Term Definition
Harlot's Ghost

Harlot’s Ghost is a imagined chronicle of the Central Intelligence Agency. Written by Norman Mailer, the story contains characters that are a mix of fictional characters and real people. It follows Harry Hubbard in his life with the CIA, the results of the Cuban Revolution, the influence of the mafia in the 1960s, and the assassination of John F. Kennedy.

Brief summary of Harlot's Ghost

The novel begins with Harry receiving a message from a friend that his CIA mentor has either committed suicide or been murdered. Shortly after, Hubbard is told by his wife, who also works for the CIA, that she has been carrying on an affair with a higher level CIA officer. Believing that his life is in danger, Harry Hubbard flees to Moscow where he reviews the manuscript of his life in the CIA that he has kept secret. It is then that the book really begins, recounting the details of his life while, on a deeper level, examining the Cuban Missile Crisis and revolution, the assassination of John F. Kennedy, and the battle against Communism during the Cold War.

Major literary themes

Harlot’s Ghost is developed around the theme of American power. The power of the American government is focused upon again and again through the book. The mid-twentieth century saw the United States embroiled in several world affairs, including the Cuban Revolution and the Soviet Union in the Cold War. Several characters in the book, such as Harry’s father Cal and his CIA mentor Harlot, are starkly anti-Communist and have each devoted their lives to the preservation of American dominance.

Another theme often visited in Harlot’s Ghost is the idea of an Alpha and an Omega, which is examined in both historical events and individual personalities alike. For example, Harry Hubbard’s wife is deeply in love with another man and confides in him things that she would never share with her own husband. Still, she continues to devote most of her life to her husband, despite not truly loving him. This same disloyalty is repeated within the CIA itself. For example, Harry realizes that he cannot survive and thrive within the agency without double-dealing, working for one boss while secretly relaying information to another. The Alpha/Omega theme is visited again in Harry’s relationship with his father, whom he works for on the Bay of Pigs while also working for his mentor and father-figure on the side.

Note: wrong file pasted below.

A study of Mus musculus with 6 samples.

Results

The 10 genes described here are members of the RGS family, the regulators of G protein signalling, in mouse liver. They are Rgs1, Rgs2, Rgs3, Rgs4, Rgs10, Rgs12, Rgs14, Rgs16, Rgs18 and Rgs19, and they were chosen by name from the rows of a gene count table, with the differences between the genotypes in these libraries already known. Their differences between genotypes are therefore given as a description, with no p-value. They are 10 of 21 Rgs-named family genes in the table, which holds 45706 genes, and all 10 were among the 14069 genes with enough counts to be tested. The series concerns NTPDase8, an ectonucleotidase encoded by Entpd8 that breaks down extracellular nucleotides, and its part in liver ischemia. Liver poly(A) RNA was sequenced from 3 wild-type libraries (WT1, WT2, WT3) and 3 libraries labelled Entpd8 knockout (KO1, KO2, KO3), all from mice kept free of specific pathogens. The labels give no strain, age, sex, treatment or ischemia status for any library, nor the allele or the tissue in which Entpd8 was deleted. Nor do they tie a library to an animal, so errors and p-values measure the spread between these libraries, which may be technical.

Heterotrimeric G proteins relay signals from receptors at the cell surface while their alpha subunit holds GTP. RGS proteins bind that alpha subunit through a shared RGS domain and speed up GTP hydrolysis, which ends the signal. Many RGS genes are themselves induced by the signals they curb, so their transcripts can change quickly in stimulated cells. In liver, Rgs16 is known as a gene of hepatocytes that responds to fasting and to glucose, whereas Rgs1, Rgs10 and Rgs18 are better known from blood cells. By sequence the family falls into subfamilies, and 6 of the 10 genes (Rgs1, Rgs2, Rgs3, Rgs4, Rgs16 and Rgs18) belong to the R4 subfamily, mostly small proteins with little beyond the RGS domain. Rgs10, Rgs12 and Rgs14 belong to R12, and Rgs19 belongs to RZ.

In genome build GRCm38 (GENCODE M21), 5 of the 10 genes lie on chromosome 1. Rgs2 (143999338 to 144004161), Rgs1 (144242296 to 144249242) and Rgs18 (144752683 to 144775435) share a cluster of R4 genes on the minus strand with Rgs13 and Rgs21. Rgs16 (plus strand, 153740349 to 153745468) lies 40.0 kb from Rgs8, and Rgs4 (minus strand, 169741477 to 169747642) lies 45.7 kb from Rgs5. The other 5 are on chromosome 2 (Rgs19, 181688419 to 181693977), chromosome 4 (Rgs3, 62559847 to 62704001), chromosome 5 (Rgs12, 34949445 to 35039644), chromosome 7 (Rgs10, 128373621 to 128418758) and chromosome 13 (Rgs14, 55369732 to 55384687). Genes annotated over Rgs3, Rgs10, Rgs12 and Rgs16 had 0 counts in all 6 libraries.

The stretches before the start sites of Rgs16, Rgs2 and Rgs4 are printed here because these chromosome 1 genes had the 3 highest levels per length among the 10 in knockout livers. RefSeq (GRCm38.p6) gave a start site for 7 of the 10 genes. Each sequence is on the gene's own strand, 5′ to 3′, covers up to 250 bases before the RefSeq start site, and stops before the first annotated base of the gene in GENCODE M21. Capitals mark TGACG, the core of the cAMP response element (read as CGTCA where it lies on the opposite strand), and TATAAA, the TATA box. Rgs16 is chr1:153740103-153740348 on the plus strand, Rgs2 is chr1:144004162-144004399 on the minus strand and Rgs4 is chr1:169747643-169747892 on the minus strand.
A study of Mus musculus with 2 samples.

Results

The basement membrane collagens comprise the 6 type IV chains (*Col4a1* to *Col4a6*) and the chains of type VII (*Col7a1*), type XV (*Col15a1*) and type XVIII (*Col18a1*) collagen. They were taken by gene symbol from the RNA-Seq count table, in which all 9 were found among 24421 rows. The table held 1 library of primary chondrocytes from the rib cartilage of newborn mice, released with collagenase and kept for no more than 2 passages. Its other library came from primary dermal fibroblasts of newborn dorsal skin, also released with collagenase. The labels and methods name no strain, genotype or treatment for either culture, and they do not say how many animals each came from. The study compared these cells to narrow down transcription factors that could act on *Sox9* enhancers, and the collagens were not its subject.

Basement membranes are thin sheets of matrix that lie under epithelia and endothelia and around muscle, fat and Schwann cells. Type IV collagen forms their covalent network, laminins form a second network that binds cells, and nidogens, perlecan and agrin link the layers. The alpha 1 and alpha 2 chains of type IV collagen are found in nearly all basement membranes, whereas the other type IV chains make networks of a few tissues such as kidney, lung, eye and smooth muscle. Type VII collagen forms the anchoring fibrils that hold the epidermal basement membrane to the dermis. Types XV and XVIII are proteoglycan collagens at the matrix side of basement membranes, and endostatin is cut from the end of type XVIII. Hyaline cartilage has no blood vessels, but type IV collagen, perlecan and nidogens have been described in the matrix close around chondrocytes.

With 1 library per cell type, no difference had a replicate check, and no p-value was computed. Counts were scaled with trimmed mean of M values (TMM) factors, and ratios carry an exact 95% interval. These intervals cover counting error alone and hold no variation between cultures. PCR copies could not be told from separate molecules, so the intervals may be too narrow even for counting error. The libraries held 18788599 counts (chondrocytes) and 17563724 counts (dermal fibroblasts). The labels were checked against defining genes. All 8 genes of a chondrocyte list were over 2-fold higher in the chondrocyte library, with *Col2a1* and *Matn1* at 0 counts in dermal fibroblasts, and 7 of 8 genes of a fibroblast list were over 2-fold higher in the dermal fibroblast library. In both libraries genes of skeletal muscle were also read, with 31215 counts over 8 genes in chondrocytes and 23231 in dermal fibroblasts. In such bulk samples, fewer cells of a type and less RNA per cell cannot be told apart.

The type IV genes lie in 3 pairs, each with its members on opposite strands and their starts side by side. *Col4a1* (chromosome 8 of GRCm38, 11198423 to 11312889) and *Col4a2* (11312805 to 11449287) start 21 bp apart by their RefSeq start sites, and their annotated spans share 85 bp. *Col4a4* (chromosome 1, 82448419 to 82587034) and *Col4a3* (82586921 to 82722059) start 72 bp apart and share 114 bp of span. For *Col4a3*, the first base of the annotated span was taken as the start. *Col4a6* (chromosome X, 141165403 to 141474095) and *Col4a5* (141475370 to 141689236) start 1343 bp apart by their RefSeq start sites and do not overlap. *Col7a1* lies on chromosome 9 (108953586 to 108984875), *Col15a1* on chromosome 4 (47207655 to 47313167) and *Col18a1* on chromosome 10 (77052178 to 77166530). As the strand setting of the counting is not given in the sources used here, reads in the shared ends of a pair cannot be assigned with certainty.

The book surely explores the very nature of American imperialism as it relates to modern conflicts.

A fictional success

Harlot’s Ghost also has a strong sexual component. Harry soon finds during his very first assignment that the politics of the agency have strong sexual tenors. The character of Dix Butler is a very handsome former professional football player who participates in secret sexual relationships with other agents of various levels. Dix offers sex to Harry, but Harry fears the power that Dix may hold over him if he complies and denies the invitation. Though he is attracted to Dix and the power he represents, Harry does not want to get ahead by sleeping with a superior and prefers to maintain his small claim to independence. 

Critics said that Harlot’s Ghost exhibited both the best and worst of Norman Mailer. As for the best of him, the book is a great example of Mailer’s incredible talent for merging fact and fiction seamlessly and doing so in an exciting and thought-provoking way. Further, his characters are a perfect blend of fictional characters and real life people. However, critics felt that the book also showed the negative aspects of Norman Miller’s writing. It has been said that his writing in longwinded and is riddled with redundancies. In addition, readers complained that the book was homophobic, chauvinistic (a common theme even in Shakespearean literature), and featured a lot of unnecessary vulgarity.